APA's Science Student Council (SSC) has presented two psychology graduate students with its second annual Early Research Awards-one each in applied and basic psychological research. The $1,000 prizes reward student research completed before the dissertation.
Adam Grant, a third-year organizational psychology doctoral student at the University of Michigan, won the applied award for his research on employee motivation. Grant began with the premise that many employees do work that makes a positive difference in other people's lives, but have little contact with the people who benefit from their work. For example, engineers rarely interact with the customers who use their products, and police officers have little exposure to the citizens who are protected by their work. To determine whether employee motivation can be increased if employees have more contact with their beneficiaries, he arranged for employees of a university fund-raising call center to meet a scholarship student aided by their work. He found that employees who met with students spent more than twice as much time on the phone and raised nearly three times as much money as they had before the intervention.
"My research focuses on designing work contexts to motivate employees to care about making a positive difference in other people's lives," says Grant. Grant plans to teach management and organizational behavior and to continue his research on work design, motivation and satisfaction.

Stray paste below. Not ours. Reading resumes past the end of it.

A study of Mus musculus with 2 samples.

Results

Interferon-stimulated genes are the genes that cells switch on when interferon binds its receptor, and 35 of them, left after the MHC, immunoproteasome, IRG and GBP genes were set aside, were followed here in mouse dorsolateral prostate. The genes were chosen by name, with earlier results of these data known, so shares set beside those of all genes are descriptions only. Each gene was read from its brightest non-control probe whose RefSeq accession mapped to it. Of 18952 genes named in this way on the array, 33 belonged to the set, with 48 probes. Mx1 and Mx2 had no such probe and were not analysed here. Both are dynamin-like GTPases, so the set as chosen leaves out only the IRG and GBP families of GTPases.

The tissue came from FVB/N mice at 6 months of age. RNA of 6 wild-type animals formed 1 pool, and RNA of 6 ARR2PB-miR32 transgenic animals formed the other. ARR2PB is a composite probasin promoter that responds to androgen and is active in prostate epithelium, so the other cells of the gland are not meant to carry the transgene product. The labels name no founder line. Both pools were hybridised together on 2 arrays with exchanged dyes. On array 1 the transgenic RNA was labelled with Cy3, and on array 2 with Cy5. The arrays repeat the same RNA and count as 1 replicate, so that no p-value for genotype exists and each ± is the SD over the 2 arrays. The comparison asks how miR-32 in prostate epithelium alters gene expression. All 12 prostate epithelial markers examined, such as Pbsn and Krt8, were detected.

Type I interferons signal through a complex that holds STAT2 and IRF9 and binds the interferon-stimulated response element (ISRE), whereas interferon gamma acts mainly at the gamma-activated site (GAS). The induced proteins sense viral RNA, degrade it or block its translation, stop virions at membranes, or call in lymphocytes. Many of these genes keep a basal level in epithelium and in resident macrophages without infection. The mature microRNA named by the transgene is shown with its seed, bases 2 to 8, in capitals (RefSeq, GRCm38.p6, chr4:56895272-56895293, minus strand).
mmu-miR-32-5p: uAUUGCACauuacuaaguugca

Kyle Smith, a fourth-year affective neuroscience and biopsychology graduate student at the University of Michigan, won the basic research award for his study on how the brain generates sensations of pleasure and desire. He identified specific receptors in the ventral pallidum of rat's brains involved in generating taste liking, the mu opioids, and identified those that are involved in wanting but not liking, the gamma-aminobutyric acid (GABA-A) receptors. Smith measured how much the rat liked a sucrose taste by measuring it's facial responses, which are homologous to human and primate taste responses. When he increased mu opioid receptors' sensitivity, he saw an increase in liking reactions. Smith measured the motivation to eat, or wanting, by how much the rat ate after drug infusions. The mu opioid agonist increased eating as well, but the GABA-A drug increased eating without changing liking at all, suggesting that transmitter is involved in wanting but not liking.
According to Smith, his work has implications for a number of social problems in humans, including eating disorders and drug addiction. With the SSC award, Smith plans to expand his prize-winning research by examining how the ventral pallidum interacts with other brain reward centers, such as the nucleus accumbens.
SSC also granted three honorable mention awards of $100 each. The winners are:
Ryan Bogdan, a third-year clinical psychology and experimental psychopathology graduate student at Harvard University, who won a basic science honorable mention for his research on the relationship between stress and hedonic capacity, or the ability to experience pleasure.
E.J.R. David, a fourth-year clinical and community psychology graduate student at the University of Illinois at Urbana-Champaign, who won a basic science honorable mention for his research on the psychological consequences of colonization, with a focus on Filipino Americans.
Jenessa Shapiro, a fourth-year social psychology graduate student at Arizona State University, who won an applied science honorable mention for her research on stereotyping among employee trainers who work with obese trainees. The deadline for the 2006 SSC Early Researcher Awards has not yet been announced. Check the award's Web site later this spring for more information.